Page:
From Wiki: Kenai Fjords National Park was established in 1980 by the Alaska National Interest Lands Conservation Act. The park covers an area of 669,984 acres on the Kenai Peninsula in southcentral Alaska, near the town of Seward. The park contains the Harding Icefield, one of the largest ice fields in the United States. The park is named for the numerous fjords carved by glaciers moving down the mountains from the ice field. The park lies just to the west of Seward, a popular port for cruise ships. Exit Glacier is reachable by road and is a popular tour destination.
We pulled into the park on Resurrection Bay (Seward City RV park) on Tuesday, Aug 6 and it was overcast, but not raining, yet. On Wednesday, a group of us drove up to the National Park, and took a tour (hike) with a NPS Ranger.
Above, arial view of Seward, lookin north. Mile 0 of the historic Iditarod Trail is at Seward. In the early 1900s the trail was blazed in order to transport people and goods to and from the port of Seward to interior Alaska.
Above is the RV park overlooking Resurrection Bay and the distant mountains& glaciers. Below, is Exit Glacier, over my left shoulder and behind me, in the above pic, and within the Kenai NP. Below is Exit Glacier from about two miles away.
From Wiki: Exit Glacier is a glacier derived from the Harding Icefield in the Kenai Mountains of Alaska. It received its name because it served as the exit for the first recorded crossing of the Harding Icefield in 1968.
It rained most of the hike up to the glacier, but just a drizzle really. But it was enough to keep your head covered. The Park Ranger, a local from Seward, who just graduated from college, was very nice and good speaker. She explained several facts about the local wildlife and how they survived the harsh environment of the area.
She explains here what the deep gouges mean and who made them. A Brown Bear (aka Grizzly) and it was marking it's territory. OK by me Mr Brown Bear; it's all yours, no problem!
Above, a black & brown bear claw.
Above, she shows us a gnawed Willow twig made by the Snow Hare.
It was a mile walk up the mountain to the base of the glacier. Whew! And it's still drizzling!
OK, time to stop, listen to a lesson on the different rocks of the glacier/mountain, and how they rub against each other under the glacier to form the milky colored water so prevalent in the glacial runoff water. They actually call it rock flour.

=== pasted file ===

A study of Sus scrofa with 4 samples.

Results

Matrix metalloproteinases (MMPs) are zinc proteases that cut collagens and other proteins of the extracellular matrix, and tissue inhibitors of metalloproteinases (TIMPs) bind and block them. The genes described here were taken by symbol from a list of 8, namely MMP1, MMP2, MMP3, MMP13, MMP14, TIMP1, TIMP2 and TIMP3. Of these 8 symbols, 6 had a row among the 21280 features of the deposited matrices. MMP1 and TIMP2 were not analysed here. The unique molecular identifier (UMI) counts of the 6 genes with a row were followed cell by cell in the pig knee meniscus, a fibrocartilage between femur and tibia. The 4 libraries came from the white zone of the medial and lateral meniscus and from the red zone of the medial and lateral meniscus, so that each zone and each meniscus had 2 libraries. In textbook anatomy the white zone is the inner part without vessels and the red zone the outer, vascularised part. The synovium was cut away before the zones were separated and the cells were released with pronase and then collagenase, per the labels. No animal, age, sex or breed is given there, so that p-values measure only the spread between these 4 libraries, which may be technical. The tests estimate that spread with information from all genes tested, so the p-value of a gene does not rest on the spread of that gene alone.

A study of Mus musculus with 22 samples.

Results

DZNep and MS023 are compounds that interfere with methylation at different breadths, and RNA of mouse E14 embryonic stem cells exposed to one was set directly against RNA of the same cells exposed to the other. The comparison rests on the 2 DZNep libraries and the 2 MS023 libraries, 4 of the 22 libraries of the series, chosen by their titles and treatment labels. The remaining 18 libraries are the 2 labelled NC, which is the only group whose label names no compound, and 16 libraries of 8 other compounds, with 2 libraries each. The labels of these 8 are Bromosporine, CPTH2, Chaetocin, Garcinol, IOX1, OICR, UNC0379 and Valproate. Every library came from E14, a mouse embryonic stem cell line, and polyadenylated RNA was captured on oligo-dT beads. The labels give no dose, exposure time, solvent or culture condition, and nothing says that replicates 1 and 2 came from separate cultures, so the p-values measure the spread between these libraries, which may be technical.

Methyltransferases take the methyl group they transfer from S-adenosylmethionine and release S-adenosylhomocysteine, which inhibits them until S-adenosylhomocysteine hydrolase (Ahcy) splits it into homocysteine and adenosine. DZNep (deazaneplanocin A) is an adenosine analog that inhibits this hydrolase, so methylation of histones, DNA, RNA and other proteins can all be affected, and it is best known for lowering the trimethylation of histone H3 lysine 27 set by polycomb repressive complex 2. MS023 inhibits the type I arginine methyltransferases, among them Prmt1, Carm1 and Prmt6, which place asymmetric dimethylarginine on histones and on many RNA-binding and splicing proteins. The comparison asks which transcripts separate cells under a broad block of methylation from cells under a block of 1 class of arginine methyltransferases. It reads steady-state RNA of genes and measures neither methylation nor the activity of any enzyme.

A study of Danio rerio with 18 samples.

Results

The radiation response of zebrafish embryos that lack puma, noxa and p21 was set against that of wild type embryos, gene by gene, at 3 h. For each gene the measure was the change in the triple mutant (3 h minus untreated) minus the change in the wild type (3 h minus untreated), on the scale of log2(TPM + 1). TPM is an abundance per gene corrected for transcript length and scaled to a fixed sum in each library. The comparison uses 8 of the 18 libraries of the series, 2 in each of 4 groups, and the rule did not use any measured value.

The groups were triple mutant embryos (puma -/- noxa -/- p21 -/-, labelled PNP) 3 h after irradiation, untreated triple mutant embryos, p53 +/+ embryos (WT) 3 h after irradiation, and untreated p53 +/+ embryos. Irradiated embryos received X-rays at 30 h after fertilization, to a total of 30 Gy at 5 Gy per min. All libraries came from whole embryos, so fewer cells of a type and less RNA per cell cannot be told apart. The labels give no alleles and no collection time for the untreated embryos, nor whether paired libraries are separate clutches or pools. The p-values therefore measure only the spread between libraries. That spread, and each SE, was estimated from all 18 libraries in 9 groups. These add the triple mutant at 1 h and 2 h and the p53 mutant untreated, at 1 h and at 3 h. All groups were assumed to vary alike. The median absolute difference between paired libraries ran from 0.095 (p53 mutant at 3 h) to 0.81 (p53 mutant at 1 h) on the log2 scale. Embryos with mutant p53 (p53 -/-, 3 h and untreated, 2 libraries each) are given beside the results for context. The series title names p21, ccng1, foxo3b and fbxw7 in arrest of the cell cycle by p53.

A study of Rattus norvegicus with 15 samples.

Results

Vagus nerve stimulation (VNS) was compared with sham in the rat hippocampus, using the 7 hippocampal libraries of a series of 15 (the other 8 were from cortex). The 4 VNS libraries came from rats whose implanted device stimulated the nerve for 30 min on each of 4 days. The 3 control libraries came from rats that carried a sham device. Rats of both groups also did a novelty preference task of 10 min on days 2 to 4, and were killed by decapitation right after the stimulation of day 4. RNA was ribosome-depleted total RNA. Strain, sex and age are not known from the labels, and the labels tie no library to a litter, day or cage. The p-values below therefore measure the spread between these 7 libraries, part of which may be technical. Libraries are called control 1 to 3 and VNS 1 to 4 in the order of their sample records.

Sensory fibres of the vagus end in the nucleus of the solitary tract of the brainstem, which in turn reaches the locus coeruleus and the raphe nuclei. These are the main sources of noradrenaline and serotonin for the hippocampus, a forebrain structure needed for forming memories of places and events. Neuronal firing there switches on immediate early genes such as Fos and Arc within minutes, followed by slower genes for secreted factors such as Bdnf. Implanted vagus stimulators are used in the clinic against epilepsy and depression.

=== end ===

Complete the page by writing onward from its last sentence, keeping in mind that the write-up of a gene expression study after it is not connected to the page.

Above, can you tell our ranger-guide is a local? We're all in layers and rain jackets, and she is in short sleeves. Hmmm!
And now for a few pics of the glacier.
This is the very end of the glacier. Note the huge rut the glacier makes as it grinds it's way back up the mountain in recession.
Above, me & Nancy...
OK Jay, no foolin' around now...the girls were being very careful on the wet rocky walkway and steps. After all, it was two "klutzes" helping each other...:-)
Even on a sunny dry day, this walk, a mile up and a mile back, would have been tricky. So, we really did have to watch our steps carefully. We did manage to make it back down the mountain and back to visitor center. We found a few more of our fellow RV'ers who had just completed their walk.
Meanwhile, back at the RV city park shelter, the wagon masters were firing up the large BBQ pit for the slow roasting of the pork tenderloins. They cooked several hours over a low heat, and seasoned just right. We were treated to the roasts and all the RV'ers brought a dish or desert for the other fixins. It was a fun time (cold) and yummy eats.
Did I mention the weather? It was windy and cold, about 50 I'd say. Burr! But we a little protected in the shelter, which had three glass walls, so it could have been worse.
Above, our Canadian friends & fellow Caravan'ers, Dave (aka "Pooky") from Ontario.
It was Curtiss' birthday, so Evelyn (wife) bought him a cake at COSTCO the day before in Anchorage, so we all celebrated his special day after dinner.
Well, if the weather had been a little more favorable while we were here, I may have had more to share, but one can't always have fair weather. So, that's a wrap for this blog. This was written and published from Anchorage, on Monday, Aug 8. Next blog will be about our visit to Homer, and the highlite fishing (Halibut) trip. Till then, RVing Beach Bums going night-night in Golden Nugget RV Park.